An acquaintance of mine is plagiarizing my status updates on Facebook. I was willing to give her the benefit of the doubt the first time, but last week it happened again (with an old Liz Phair lyric). We have mutual friends and it's weird. Should I confront her?
First you should confront the sad eighth grader inside of you and tell her things will get better. Broadcasting your angst only makes it worse! Then go like the status updates your friend copied. That should embarrass her into deleting them or at least steer her toward someone else next time she can't find the words to convey her feelings to the masses. Also delete your own lyrical status updates. You are the original plagiarizer -- come up with something more precise to say about yourself.
As for your friend and other uninspired attention seekers, there is an app that generates mildly clever status updates intended for users to choose from and pass off as their own. It's called Status Shuffle, and for 99 cents musings such as "Hmm. Halo or horns today?" can be yours, or at least appear to be.
I was recently invited to the wedding of a former best friend -- we've remained friends but he and I have grown apart over the years. The night before the wedding, I saw photos of several former close friends at the rehearsal dinner on Instagram. I "liked" them and commented on how great everyone looked to show support. The bridal party thought I was mocking them and was cold to me at the wedding. Was I in the wrong?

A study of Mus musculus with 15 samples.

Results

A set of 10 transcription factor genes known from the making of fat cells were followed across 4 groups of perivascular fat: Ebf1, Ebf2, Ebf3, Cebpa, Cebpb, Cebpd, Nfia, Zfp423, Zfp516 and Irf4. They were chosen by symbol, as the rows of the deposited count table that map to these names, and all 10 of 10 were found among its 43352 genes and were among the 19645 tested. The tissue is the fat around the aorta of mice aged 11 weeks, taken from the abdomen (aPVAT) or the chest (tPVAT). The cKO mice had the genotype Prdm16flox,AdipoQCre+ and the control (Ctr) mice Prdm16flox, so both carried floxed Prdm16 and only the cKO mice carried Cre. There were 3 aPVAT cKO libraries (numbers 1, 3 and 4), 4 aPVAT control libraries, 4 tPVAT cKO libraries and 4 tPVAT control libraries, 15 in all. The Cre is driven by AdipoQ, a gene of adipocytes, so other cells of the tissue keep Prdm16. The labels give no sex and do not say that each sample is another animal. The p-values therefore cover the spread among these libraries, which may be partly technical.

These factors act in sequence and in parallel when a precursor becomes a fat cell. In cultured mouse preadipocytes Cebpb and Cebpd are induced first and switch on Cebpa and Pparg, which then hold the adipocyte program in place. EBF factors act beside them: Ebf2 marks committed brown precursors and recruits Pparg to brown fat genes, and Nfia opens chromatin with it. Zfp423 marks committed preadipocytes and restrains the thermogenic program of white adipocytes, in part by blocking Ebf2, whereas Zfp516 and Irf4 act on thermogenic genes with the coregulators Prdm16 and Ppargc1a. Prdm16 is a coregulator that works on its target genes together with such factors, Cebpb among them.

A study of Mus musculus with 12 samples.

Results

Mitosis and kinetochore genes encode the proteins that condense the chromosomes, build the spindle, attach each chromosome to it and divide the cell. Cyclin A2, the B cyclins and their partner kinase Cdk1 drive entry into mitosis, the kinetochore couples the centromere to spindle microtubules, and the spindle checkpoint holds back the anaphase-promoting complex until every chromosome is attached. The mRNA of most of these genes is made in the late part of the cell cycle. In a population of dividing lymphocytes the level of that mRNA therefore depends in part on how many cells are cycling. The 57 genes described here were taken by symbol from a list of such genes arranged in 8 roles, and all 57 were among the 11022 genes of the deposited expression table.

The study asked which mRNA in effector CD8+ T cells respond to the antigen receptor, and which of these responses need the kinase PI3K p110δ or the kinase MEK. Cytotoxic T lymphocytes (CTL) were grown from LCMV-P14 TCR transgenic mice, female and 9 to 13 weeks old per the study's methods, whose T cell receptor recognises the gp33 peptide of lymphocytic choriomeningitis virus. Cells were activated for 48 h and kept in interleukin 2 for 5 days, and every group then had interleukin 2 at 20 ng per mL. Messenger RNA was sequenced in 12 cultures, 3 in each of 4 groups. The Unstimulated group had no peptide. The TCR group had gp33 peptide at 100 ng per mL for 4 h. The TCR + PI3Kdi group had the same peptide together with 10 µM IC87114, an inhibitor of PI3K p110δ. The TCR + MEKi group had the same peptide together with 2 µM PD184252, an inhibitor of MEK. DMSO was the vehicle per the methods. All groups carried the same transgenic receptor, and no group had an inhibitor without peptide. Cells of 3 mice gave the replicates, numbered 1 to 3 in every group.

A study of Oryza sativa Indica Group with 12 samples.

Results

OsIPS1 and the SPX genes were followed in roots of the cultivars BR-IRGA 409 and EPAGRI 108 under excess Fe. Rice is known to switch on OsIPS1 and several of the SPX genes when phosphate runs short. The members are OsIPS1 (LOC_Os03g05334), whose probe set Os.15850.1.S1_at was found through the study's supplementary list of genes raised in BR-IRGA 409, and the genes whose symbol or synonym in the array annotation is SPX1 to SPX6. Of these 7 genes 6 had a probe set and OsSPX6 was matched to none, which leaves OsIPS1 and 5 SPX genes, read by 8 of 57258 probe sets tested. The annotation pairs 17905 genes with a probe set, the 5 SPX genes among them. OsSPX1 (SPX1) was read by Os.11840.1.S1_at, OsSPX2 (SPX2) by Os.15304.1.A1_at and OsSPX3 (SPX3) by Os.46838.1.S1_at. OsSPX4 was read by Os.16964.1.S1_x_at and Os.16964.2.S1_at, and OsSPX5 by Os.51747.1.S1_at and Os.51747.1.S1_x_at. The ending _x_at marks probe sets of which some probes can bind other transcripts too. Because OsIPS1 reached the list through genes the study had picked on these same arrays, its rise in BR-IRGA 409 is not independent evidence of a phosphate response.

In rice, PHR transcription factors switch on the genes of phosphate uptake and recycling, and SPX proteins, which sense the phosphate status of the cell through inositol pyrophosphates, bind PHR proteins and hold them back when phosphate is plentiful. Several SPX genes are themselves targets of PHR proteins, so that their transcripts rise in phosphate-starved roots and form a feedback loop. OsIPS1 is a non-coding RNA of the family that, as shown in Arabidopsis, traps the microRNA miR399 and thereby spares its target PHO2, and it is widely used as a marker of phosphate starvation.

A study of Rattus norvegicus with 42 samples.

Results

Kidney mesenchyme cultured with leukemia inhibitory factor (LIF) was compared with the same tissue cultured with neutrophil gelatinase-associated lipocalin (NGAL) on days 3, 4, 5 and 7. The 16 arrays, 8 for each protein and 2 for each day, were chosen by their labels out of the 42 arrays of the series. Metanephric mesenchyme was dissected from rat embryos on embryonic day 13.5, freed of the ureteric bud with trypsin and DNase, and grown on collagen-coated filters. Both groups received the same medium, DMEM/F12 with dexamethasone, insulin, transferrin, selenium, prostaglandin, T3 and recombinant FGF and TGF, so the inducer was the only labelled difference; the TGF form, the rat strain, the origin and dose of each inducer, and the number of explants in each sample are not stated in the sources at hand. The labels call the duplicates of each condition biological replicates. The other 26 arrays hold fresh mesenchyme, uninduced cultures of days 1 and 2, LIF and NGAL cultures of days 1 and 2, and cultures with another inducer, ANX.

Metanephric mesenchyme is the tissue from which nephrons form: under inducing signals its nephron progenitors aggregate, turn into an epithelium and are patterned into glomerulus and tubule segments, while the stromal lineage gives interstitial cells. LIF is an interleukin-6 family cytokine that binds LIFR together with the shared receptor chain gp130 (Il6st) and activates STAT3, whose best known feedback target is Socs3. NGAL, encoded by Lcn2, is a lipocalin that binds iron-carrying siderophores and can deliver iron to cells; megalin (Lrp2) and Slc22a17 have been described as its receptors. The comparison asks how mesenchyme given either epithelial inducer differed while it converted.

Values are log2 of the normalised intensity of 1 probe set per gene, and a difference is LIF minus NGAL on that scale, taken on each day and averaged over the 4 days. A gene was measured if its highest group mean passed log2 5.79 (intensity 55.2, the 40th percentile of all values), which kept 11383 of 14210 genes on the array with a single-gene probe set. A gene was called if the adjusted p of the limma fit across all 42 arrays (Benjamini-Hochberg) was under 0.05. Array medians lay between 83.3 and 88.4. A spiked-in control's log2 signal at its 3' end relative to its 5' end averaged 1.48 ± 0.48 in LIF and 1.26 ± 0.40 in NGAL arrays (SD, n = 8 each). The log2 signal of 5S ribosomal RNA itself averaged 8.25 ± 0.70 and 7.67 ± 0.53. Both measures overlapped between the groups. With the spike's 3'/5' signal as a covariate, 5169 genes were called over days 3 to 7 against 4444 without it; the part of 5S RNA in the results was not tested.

- Supportive ex-best friend, New York
Sounds like you didn't miss out on much if your Instagram activity was the bridal party's takeaway from the rehearsal dinner. As the suggested course of action described above shows, likes can mean the opposite. Your friend may have already felt awkward about not including you with the rest of the old group, and seeing you following the festivities in real time could have startled him -- especially if he imagined you sitting alone at your computer on a Friday night, while you were of course just looking at Instagram on your phone to document your own sparkling life. You know you weren't in the wrong. Try not to care that they think you were and be glad you no longer have much in common with people who sound alarms over their photos being admired.
Have a question about electronic etiquette? Email email@example.com.
This story originally appeared in our weekly iPad magazine, Huffington, in the iTunes App store.